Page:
FDA Approves ADHD Treatment Mydayis


The mixed amphetaminies salts formulation included 16 clinical trials results in its application.

The US Food and Drug Administration (FDA) has approved the New Drug Application (NDA) of mixed salts of a single-entity amphetamine product (MYDAYIS) for attention-deficit/hyperactivity disorder (ADHD).

Mydayis, a long-acting, triple-bead, mixed amphetamine salts formulation, is a planned once-daily ADHD treatment for adult and children patients ages 13 years and older.

The submitted NDA for the treatment featured 16 clinical studies, including SHP465-305 — a short-term efficacy and safety study in pediatric ADHD patients aged 6-17 that returned positive results in June 2016.

Adolescent and adult clinical studies of Mydayis also reported statistically significant differences versus placebo at 16 hour post-dosing periods, with onset of action starting 2 or 4 hours post-dosing, as measured by the Permanent Product Measure of Performance (PERMP) scale.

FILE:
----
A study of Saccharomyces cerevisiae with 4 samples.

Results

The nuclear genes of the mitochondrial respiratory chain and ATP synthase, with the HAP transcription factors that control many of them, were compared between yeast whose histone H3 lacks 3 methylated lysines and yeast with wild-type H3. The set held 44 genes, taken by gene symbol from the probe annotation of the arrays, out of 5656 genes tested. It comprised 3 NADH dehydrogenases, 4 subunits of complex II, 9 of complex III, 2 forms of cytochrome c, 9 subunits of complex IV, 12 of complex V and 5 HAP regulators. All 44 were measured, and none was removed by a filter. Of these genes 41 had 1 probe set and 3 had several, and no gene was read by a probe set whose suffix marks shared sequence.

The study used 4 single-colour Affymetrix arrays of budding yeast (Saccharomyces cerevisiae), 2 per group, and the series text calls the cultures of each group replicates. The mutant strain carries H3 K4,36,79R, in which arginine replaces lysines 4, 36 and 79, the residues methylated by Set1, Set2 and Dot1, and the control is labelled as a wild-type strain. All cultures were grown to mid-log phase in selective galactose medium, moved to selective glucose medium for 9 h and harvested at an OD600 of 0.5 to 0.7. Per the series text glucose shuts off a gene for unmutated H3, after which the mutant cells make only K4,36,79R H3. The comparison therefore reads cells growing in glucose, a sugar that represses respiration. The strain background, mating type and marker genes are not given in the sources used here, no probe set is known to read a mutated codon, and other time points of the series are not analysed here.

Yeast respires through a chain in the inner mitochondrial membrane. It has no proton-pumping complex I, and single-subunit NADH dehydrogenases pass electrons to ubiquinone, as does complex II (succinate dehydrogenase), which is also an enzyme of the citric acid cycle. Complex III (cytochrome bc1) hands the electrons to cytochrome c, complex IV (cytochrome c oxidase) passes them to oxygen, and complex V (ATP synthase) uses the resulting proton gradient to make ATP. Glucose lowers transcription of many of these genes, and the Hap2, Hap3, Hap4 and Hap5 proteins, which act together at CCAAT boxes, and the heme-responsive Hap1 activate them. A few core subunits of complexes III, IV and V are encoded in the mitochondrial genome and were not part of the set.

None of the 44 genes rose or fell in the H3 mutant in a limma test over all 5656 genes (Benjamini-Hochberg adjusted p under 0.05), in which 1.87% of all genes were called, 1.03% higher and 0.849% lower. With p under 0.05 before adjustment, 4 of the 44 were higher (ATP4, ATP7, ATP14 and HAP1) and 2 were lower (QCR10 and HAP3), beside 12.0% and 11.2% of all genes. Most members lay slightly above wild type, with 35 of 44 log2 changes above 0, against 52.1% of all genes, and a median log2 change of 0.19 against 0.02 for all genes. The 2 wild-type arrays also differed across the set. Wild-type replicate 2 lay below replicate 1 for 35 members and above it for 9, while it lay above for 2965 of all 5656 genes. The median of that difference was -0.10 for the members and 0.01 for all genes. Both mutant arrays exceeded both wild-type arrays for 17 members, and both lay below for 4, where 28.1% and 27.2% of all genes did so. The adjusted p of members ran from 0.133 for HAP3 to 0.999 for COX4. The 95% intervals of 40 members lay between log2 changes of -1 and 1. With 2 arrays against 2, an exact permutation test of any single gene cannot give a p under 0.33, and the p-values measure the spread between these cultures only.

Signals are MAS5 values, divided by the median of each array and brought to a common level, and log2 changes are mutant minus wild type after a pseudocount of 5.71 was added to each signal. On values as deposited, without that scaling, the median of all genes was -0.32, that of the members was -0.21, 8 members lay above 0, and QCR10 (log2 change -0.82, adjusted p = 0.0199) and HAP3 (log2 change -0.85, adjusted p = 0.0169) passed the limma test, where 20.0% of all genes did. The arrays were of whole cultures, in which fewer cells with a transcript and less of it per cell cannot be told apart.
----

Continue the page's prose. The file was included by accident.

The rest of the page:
The mixed salts formulation treatment is Irish-headquartered biopharmaceutical company Shire's most recent innovation in 2 decades of ADHD treatment support, Flemming Ornskov, MD, MPH, chief executive officer of Shire, said.

"It’s a testament to Shire’s commitment to helping support the evolving needs of appropriate patients with ADHD,” Flemming said. “With this approval, we hope to help patients who need a once-daily treatment option."

Adverse effects reported in Mydayis phase III studies included insomnia, decreased appetite, dry mouth, decreased weight, increased heart rate, and more, in all patient age groups.

Andrew J. Cutler, MD, is executive vice president and chief medical officer at Meridien Research and an investigator in the Mydayis clinical trials. He noted many patients living with ADHD are managing symptoms across a wide range of settings.

"Patients have individual needs and may respond differently to treatments, so it is important for healthcare professionals to have multiple options," Cutler said. "It’s rewarding to work with Shire to provide a new treatment option that may help appropriate patients with ADHD.”

Shire noted in a press release regarding the approval that Mydayis, as an amphetamine-containing medicine, has a high chance for abuse in patients and can lead to physical and psychological dependence.